Movie Review: Brutal Tales of Chivalry (aka Shôwa zankyô-de, 1965)

Directed by Kiyoshi Saeki

Movie Review by Greg Goodsell

Following the end of World War II, the nation of Japan is in ruins. In order to survive, the civilian population of the Asakusa neighborhood in Tokyo must make do with illegal open air black markets for food, clothing and other necessities. But even in these squalid conditions, there is honor. The Kamizu, one of the nascent groups that would later become part of the dreaded Yakuza criminal gangs, attempts to bring fresh food and high quality goods to compete against Iwasa’s (Michitarô Mizushima) clan, which floods the market with cheap goods, violently threatening all forms of competition.

When the elderly leader of the Kamizu group is murdered, his role is assumed by returning soldier Seiji (Ken Tarukuru). In a strange twist, according to the leader’s dying wishes, he wants the Kamizu to continue their activities without any retaliation against Iwasa’s clan.

This is just the beginning of Seiji’s problems as the woman he has loved before the war has since married another man. While she continues to makes romantic overtures to him, he must refuse as a man of honor and integrity.

While Iwasa’s men tighten the screws among the populace with threats and sporadic acts of violence, Seiji’s men refuse to answer in kind and begin the process of politically winning over the local politicians. Seiji hits upon the idea of creating indoor shopping center, only to have Iwasa’s gang burn it to the ground while embarking on similar plans. Seiji’s strict moral codes are pressed to their limits – and the conclusion is expectedly drenched in blood.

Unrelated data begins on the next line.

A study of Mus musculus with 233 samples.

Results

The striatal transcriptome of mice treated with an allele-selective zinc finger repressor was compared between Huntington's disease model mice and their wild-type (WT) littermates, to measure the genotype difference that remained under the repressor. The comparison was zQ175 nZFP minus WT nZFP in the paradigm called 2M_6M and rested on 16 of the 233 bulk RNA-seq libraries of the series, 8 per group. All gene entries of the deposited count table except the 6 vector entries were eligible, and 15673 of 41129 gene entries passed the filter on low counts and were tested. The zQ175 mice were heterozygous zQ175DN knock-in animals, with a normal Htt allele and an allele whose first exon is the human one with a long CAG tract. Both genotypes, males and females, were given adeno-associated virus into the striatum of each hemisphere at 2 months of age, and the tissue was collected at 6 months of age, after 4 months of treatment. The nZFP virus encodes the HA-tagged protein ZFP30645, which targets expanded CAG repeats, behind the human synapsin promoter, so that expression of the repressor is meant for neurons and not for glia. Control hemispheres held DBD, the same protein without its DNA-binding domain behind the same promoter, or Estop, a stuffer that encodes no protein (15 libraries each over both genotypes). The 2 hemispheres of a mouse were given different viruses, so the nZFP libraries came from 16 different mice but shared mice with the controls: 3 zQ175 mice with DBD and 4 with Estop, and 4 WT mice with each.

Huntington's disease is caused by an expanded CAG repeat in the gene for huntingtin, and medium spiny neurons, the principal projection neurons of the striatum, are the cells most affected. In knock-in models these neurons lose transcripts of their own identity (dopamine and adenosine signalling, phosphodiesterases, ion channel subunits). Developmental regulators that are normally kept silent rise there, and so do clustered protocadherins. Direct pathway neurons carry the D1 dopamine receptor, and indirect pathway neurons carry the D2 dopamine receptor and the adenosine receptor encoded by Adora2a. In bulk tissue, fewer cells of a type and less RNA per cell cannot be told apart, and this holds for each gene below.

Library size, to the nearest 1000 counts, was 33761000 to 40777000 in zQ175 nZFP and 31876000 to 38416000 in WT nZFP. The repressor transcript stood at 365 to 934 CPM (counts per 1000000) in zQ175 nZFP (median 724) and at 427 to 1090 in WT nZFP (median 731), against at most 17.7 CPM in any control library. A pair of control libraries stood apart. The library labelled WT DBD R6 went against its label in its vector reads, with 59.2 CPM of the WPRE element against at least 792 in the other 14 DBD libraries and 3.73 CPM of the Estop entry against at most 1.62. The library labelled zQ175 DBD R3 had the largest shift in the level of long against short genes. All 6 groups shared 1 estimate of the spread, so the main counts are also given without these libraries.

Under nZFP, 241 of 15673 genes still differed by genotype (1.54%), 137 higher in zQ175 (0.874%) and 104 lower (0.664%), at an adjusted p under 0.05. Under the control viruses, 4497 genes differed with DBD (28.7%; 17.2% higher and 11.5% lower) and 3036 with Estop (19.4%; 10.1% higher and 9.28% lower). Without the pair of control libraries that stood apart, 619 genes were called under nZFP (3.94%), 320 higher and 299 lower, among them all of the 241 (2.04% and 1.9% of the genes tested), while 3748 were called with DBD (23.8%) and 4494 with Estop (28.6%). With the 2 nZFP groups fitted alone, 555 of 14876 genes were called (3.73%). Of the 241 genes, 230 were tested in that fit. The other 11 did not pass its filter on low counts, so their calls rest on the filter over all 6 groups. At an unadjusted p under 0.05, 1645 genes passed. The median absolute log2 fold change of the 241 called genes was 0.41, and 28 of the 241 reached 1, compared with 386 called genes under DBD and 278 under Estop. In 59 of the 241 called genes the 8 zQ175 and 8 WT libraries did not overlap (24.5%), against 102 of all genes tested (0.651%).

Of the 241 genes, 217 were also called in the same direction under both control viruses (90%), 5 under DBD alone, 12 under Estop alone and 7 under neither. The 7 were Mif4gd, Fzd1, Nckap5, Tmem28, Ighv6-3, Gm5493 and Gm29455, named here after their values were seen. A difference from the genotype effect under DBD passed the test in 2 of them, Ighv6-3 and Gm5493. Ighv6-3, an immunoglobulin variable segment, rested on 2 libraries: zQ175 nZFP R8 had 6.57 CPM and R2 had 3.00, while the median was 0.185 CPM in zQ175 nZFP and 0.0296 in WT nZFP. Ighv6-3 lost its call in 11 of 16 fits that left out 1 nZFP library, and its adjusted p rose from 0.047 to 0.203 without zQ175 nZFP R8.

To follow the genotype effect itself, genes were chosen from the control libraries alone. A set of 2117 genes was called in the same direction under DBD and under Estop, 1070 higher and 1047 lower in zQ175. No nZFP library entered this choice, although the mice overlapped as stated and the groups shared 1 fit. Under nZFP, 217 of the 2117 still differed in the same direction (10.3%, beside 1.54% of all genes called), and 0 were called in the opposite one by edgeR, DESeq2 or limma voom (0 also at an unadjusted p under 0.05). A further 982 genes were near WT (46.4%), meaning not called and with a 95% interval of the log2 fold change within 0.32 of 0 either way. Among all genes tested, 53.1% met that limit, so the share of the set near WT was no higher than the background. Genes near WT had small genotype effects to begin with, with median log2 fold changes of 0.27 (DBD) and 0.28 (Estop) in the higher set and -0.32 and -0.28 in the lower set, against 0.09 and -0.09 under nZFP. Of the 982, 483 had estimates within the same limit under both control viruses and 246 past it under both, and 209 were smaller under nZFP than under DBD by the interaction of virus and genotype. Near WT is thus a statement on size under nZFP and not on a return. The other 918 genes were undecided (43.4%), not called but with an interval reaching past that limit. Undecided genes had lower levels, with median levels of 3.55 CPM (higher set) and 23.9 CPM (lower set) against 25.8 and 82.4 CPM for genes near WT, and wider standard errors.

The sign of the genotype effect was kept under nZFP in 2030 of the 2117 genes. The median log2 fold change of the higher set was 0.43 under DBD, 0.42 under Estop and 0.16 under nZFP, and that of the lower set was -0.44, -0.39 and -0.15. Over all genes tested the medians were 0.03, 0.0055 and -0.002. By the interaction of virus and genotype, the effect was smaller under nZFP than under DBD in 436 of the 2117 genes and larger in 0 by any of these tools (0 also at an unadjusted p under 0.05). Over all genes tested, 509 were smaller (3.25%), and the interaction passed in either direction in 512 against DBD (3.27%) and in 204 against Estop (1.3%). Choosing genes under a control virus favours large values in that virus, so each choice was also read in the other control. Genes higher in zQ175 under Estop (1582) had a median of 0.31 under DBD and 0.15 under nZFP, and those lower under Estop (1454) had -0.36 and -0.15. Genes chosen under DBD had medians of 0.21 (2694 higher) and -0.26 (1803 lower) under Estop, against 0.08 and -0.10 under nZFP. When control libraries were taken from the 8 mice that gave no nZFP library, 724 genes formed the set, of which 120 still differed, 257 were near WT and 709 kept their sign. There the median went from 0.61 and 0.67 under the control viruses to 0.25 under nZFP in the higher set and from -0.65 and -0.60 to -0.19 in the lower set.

Brutal Tales of Chivalry may be tough going for western viewers. It is wholly and unapologetically Japanese, unconcerned with compromises for foreign markets. It is important to remember that this film came at a time when the average Japanese went to the cinema in excess of three times a week in lieu of watching television. Many of these films are awash in history and customs only known to the Japanese. One stumbling block that many non-Japanese viewers will have is how saintly and bound by honor Seiji is, and how slow he is to turn the violent tactics used against him by the rival clan. It has been suggested by other reviewers that this is a somehow slanted view of history, as the early Yakuza, in the best of times, were never governed by altruism.

Coincidentally, lead actor Ken Takura would later become a major action star in Japan and internationally, lending his charisma to such diverse projects as The Yakuza (1974), Black Rain (1989) and Mr. Baseball (1992) with Tom Selleck.

The usual limited to 3,000 copies by Twilight Time has restored this film the best as they can, given its age and source materials. The sole extra – discounting the liner notes by Julie Kirgo, is the lengthy documentary “Brutal Tales of Filmmaking: Toei Producer Toru Yoshida,” a talking head interview about the film and the similarly themed films that followed afterwards.

Burdened with windy discourses on honor and integrity, the film is a bit too slow going, only erupting into gory violence towards the very end. Brutal Tales of Chivalry is best appreciated with those of knowledge and an understanding of postmodern Japanese history.